J. L. BELL is a Massachusetts writer who specializes in (among other things) the start of the American Revolution in and around Boston. He is particularly interested in the experiences of children in 1765-75. He has published scholarly papers and popular articles for both children and adults. He was consultant for an episode of History Detectives, and contributed to a display at Minute Man National Historic Park.


“Agree for the Powder to be brought Down to the Mole”

The start of the Revolutionary War changed New London merchant Nathaniel Shaw, Jr.’s business environment.

For one thing, military supplies were much more valuable. On 25 Apr 1775 Shaw asked his connection in New York for “Five Hundred wt. of Powder, fifteen Hundred Flints and Eighteen Hundred weight of Lead.” But those things were already too scarce on the continent.

According to Robert Owen Decker’s The Whaling City: A History of New London, Shaw also urged the Connecticut government to order 400-500 barrels of gunpowder from him. He strongly supported the Patriot cause, even funding the colony’s delegates to the Continental Congress, but he also had a business to run.

On 11 May the colony treasurer placed its order: only 300 barrels. Shaw replied four days later, “you may Depend on my Supplying you with the Quantity of Powder you Mention.” He already had a captain in the Caribbean, John Mackibbin, with a line of credit and instructions to buy whatever gunpowder he could find.

The new book Two Revolutionary War Privateers, by William and Virginia Packwood, reports that on 29 May Shaw sent another captain, William Packwood, back out to the West Indies on the sloop Macaroni.

Mackibbin returned to Long Island Sound in the sloop Black Joke in July. He brought back “10000 Gallons Melasses, 15 Thousand wt. of Coffee, 26 Thousand of Sugar”—but no mention of gunpowder. Shaw dispatched him to Philadelphia on 12 July with “Orders to take the Sugar and Coffee on Shore without paying the Dutys and if it Can be avoided not to pay any for the Melasses.” Business as usual for Shaw so far.

But there was a new wrinkle. Shaw feared that after 20 July Mackibbin would not be able to “Clear out for N London” and perhaps not for any “Forreign Port.” The royal government was about to clamp down on trade with Connecticut for joining the attack on Boston.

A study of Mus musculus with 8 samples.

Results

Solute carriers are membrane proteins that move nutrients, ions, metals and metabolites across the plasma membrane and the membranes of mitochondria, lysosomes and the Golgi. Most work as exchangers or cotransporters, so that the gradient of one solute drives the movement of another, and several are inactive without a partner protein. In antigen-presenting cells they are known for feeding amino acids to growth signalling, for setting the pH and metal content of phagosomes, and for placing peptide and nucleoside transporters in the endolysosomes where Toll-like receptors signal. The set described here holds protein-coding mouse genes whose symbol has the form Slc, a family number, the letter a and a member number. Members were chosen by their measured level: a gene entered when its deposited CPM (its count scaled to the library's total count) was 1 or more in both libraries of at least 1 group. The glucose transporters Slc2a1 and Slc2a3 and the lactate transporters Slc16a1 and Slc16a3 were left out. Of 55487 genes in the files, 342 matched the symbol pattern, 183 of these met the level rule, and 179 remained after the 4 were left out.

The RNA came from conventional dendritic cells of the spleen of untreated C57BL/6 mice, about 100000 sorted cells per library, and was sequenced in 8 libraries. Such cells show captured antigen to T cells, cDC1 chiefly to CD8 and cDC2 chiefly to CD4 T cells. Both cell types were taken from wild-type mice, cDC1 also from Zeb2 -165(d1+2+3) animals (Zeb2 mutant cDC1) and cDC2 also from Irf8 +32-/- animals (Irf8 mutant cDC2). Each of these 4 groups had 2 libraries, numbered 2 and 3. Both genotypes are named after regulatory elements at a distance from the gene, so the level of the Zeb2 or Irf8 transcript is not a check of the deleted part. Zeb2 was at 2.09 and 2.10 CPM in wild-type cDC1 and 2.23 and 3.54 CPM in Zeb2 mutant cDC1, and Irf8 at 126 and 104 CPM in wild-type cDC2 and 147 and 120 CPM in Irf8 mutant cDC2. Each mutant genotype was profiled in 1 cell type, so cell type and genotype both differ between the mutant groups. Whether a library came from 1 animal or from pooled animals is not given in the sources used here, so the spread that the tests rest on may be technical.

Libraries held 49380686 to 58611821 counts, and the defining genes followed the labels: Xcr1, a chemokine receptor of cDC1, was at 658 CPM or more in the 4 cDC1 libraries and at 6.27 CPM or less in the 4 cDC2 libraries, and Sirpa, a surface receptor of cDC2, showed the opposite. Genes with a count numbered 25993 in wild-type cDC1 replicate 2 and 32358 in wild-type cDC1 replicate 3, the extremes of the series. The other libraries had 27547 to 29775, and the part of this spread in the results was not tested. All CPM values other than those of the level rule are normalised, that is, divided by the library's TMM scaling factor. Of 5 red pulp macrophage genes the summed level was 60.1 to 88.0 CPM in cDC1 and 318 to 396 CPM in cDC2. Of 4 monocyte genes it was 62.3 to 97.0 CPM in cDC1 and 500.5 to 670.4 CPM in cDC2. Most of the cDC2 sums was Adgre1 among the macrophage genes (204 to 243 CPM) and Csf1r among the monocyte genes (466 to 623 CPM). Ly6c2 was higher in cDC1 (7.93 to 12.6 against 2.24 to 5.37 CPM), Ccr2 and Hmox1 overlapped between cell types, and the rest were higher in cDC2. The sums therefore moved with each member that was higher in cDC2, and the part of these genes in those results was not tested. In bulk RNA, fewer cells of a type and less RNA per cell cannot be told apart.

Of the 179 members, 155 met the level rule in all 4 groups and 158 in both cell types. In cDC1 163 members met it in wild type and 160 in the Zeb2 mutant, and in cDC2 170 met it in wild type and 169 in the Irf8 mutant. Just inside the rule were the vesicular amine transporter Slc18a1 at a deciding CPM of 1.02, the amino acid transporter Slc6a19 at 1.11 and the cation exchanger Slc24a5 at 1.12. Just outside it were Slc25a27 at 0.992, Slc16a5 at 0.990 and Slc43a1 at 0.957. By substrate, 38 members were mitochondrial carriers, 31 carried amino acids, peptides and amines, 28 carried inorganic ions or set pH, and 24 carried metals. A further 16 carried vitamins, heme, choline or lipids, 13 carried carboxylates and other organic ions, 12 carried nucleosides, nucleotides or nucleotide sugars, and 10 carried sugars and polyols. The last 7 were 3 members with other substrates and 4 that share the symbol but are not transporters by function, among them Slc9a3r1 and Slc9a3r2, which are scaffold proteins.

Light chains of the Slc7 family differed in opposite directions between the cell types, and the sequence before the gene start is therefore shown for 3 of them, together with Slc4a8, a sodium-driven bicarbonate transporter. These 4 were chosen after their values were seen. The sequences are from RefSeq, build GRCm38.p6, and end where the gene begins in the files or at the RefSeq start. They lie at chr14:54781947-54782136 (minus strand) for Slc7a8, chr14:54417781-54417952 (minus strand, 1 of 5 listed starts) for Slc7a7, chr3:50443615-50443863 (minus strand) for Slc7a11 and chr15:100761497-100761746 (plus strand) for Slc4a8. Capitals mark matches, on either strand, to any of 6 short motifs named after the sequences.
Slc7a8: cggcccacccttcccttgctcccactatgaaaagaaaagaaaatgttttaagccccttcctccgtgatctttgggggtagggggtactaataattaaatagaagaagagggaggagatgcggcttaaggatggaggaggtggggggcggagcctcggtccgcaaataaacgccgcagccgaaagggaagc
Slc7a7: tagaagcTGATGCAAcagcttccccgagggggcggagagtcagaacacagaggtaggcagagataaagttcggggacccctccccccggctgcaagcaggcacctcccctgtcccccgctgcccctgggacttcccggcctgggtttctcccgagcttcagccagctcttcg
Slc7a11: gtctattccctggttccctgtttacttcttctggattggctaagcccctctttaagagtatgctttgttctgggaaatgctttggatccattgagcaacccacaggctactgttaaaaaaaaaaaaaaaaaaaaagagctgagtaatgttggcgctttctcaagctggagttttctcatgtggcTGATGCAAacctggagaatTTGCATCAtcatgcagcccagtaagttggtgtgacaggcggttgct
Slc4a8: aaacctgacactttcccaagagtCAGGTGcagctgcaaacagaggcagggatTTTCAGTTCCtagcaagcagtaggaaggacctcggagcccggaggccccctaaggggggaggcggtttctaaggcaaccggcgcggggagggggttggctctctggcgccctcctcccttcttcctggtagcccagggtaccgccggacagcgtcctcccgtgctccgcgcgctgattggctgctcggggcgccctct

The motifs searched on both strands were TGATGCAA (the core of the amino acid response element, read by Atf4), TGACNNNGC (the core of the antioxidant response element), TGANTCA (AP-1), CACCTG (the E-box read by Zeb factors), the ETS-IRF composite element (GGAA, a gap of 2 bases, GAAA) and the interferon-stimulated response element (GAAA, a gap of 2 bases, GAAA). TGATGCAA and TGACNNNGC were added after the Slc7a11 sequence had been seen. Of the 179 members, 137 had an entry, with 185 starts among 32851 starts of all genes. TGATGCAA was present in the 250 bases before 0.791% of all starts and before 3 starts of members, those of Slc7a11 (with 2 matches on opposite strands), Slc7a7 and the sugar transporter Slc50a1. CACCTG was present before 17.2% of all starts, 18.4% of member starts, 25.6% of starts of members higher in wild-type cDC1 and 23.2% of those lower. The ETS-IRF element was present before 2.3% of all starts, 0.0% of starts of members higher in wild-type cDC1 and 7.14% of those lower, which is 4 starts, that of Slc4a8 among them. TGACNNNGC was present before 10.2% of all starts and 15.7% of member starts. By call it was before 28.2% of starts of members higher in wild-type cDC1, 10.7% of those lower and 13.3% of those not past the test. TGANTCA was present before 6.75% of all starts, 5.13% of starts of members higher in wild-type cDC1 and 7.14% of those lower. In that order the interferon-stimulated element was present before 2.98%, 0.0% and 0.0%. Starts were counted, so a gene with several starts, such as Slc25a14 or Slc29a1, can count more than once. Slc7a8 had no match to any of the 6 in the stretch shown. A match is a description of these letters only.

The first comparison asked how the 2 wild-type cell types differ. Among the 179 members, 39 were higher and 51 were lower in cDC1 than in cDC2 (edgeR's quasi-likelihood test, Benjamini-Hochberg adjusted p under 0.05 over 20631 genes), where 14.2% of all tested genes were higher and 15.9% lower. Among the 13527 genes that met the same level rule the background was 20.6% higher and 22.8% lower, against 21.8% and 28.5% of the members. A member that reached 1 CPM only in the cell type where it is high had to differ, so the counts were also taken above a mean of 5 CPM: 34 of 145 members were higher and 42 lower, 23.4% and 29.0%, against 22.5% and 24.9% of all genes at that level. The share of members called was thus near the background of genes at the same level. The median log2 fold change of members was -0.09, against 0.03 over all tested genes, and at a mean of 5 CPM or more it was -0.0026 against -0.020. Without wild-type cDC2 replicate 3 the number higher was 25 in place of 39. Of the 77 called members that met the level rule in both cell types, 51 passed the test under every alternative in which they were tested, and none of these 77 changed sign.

Shaw therefore told his captain that his first course should be to load up with flour and barrel staves and sail for Haiti by 20 July. If Mackibbin couldn’t do that, he should try for some other port in the Caribbean, sell the ship for £300, or come home “in Ballast without Clearing out and Get me Two Thousand feet of Good Long Yellow Pine Plank.”

As for what Capt. Mackibbin should do in Haiti, Shaw wrote: “Purchase Gun Powder & Return as Soon as you Can. If that Article is not to be had Purchase Brown Sugar and Coffee. Dont keep this Letter on Board for Fear of Accidents but burn it.”

Five days later, Shaw sent another letter after Mackibbin:

I am Inform’d that there is a Large Quantity of Powder Arived at the Cape And I would have you in Case you Can Clear go Directly for the Cape and when you Arrive there you may Very Easily know wether you Can have Liberty to Trade there or not And if you Can Purchase Powder to the Amount of your Cargoe, and if you Cannot trade there you Can Agree for the Powder to be brought Down to the Mole
The “Cape” meant Cap-Haïtien and “the Mole” meant Môle-Saint-Nicolas at the end of the same peninsula. In other words, Shaw told Mackibbin that if he couldn’t load gunpowder openly at the main port, he should arrange to pick it up at a more secluded spot.

TOMORROW: Mr. Shaw’s new contact in Boston.